Friday, December 31, 2010

Limiting Regulatory Overreach

Curtis Coleman
Curtis Coleman, Contributing Author: Over the past several decades, the U.S. Congress has become increasing derelict in its responsibility to create the nation’s laws, abdicating its legislative responsibility to executive-branch agencies where unelected bureaucrats have and are creating laws by regulation, circumventing the Constitutional mandate for elected representatives of the people to create laws by legislation. No single phrase more succinctly captured this perilous capitulation of responsibility than Nancy Pelosi’s infamous “we have to pass it to see what’s in it.”

Not only must this Congressional dereliction be stopped, it has created a critical need for increased Congressional oversight of the bureaucracies to which its irresponsibility has given birth. As The New York Times recently reported, “Federal rule makers, long the neglected stepchildren of Washington bureaucrats, suddenly find themselves at the center of power as they scramble to work out details of hundreds of sweeping financial and health care regulations that will ultimately affect most Americans.”

Here are three bills which have been or will be introduced in the U.S. Senate (and correspondingly in the House) which can augment an important and effective first set of tools for overseeing and limiting the regulatory overreach of the federal government’s proliferating agencies and burgeoning bureaucracies.

On June 22, 2009 Sen. Tom Coburn (R-Oklahoma) along with 17 co-sponsors introduced the Enumerated Powers Act (S. 1319). This bill will require that each Act of Congress contain a concise explanation of the specific constitutional authority relied upon for the enactment of each portion of that Act. The failure to comply with this section shall give rise to a point of order in either House of Congress.

On September 22, 2010 Senator Jim DeMint (R-South Carolina), chairman of the Senate Steering Committee, was joined by 12 other Senators to introduce the REINS (Regulations from the Executive In Need of Scrutiny) Act.  According to a news release from Sen. DeMint’s office, “This legislation is intended to restore accountability to the process by which federal agencies finalize major regulations by requiring congressional approval for major regulatory actions.” Congressman Geoff Davis (R-Kentucky) has already introduced similar legislation in the U.S. House, (H.R. 3765).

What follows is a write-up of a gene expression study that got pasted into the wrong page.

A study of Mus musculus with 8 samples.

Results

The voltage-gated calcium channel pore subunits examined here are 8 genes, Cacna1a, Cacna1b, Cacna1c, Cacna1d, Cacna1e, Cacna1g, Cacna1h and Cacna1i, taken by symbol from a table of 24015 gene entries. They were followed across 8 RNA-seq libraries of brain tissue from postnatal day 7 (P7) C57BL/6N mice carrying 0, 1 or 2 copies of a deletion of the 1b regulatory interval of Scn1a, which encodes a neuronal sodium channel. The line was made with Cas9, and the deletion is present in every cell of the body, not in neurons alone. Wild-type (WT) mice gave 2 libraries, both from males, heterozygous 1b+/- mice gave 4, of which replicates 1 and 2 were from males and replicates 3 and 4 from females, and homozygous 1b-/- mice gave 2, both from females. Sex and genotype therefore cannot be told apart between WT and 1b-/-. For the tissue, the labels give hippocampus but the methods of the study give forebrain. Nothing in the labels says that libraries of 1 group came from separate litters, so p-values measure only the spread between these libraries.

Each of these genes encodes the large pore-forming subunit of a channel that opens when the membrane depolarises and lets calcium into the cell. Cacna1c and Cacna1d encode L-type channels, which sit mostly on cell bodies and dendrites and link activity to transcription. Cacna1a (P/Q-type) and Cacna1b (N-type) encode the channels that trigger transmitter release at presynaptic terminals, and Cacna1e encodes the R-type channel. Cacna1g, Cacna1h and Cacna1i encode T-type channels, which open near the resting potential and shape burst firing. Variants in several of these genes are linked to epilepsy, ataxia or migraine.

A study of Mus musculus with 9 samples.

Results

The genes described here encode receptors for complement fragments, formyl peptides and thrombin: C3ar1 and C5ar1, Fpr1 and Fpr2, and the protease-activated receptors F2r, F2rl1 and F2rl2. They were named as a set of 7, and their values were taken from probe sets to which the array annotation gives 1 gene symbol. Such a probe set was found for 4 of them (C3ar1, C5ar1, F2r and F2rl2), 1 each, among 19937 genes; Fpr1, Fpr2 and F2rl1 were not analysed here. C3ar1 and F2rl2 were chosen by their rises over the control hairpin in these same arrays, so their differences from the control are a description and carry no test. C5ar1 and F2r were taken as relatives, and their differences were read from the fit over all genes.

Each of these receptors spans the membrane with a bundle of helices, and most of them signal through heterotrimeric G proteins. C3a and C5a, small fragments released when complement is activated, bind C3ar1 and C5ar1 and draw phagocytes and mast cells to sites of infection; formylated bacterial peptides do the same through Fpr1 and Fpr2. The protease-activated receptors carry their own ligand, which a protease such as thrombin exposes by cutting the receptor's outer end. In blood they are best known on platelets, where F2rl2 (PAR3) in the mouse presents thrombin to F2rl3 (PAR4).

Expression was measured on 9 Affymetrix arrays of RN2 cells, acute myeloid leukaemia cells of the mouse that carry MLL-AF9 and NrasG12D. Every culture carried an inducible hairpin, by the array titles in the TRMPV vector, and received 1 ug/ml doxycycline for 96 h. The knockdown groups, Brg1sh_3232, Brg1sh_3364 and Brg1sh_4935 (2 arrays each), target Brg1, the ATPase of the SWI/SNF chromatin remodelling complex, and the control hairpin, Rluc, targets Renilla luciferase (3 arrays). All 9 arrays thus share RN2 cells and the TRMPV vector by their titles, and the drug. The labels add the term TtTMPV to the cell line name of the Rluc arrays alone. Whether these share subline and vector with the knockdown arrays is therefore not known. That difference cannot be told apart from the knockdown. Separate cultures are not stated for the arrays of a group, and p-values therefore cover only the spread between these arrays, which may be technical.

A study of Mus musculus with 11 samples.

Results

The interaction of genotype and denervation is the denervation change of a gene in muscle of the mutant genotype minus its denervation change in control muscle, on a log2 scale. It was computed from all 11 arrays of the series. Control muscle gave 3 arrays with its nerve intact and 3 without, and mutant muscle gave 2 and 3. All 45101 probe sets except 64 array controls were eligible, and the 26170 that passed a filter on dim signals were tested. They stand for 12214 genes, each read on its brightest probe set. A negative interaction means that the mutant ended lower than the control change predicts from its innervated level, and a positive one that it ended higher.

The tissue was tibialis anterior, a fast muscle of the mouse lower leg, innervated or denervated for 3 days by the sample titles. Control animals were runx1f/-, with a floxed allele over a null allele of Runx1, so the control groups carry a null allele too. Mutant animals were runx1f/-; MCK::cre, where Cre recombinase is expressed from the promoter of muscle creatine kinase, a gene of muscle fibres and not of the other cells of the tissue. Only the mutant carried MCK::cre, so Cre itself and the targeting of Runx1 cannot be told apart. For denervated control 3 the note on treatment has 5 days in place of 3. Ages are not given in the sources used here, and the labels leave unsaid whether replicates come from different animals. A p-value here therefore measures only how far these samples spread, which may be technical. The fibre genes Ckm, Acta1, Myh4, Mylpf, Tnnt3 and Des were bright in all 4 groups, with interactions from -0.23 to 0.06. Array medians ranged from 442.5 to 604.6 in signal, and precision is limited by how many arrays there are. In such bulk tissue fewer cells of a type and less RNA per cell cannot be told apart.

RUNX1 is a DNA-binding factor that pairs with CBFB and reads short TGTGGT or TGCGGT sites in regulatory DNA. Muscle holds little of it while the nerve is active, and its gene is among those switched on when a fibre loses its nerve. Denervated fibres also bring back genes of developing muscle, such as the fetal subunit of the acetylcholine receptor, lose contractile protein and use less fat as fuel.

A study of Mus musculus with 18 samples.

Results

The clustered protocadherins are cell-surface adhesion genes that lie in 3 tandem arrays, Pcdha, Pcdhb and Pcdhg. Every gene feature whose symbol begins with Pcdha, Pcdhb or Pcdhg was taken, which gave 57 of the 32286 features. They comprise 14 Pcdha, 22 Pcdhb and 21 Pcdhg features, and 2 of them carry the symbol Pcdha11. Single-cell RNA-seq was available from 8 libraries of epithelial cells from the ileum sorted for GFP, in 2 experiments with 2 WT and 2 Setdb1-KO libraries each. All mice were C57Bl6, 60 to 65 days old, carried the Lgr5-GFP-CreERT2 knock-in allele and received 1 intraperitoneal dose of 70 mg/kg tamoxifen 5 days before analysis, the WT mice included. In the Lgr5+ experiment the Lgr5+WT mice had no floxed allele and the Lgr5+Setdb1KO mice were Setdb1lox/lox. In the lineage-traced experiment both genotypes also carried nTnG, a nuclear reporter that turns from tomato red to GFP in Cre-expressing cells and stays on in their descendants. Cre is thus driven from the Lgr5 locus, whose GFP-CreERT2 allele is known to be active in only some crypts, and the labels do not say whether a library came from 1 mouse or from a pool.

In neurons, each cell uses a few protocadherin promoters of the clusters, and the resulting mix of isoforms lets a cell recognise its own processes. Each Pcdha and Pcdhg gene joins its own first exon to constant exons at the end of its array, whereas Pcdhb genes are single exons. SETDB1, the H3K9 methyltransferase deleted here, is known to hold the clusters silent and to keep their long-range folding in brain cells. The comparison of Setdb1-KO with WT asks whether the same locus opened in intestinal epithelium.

The REINS Act would require that every new major rule proposed by federal agencies be approved via joint resolution passed by both bodies in Congress and signed by the President before they can take effect. A “major rule” is any rule that the administrator of the Office of Information and Regulatory Affairs (OIRA) of the Office of Management and Budget (OMB) finds may result in an annual effect on the economy of $100 million or more; a major increase in costs or prices for consumers; or significant adverse effects on the economy.

Over the weekend of December 24th, Sen. Roger Wicker (R-Mississippi) told The Hill that he will be introducing the 10th Amendment Regulatory Reform Act , which mirrors a bill (H.R. 4946) previously introduced by Rep. Tom Cole (R-OK) in the House.

“Wicker’s legislation is designed in response to the new healthcare legislation and the federal regulations that are tied with it,” reported The Hill. “Wicker said the new [healthcare] bill would create 159 ‘boards, commissions, bureaus, programs and offices of the federal government which could be reviewed and challenged on an expedited basis with this legislation.’

“With the legislation, state officials could challenge the constitutionality of proposed regulations and that agency would then have 15 days to certify that they are not violating the 10th Amendment. It would also speed up the court process on regulations challenged by states.”

These three bills represent critical “must pass” legislation on the road to the restoration of the federal government to principles of the Constitution. They also constitute compelling opportunities for American patriots to be proactive instead of reactive, to be for positive change instead of only against destructive attacks on the fabric of the Republic.
Curtis Coleman is the President of The Curtis Coleman Institute for Constitutional Policy and contributing author to the ARRA News Service.

Tags: 10th Amendment Regulatory Reform Act, Enumerated Powers Act, REINS Act, Constitutional Crisis, Curtis Coleman, Institute for Constitutional Policy To share or post to your site, click on "Post Link". Please mention / link to Conservative Voices. Thanks!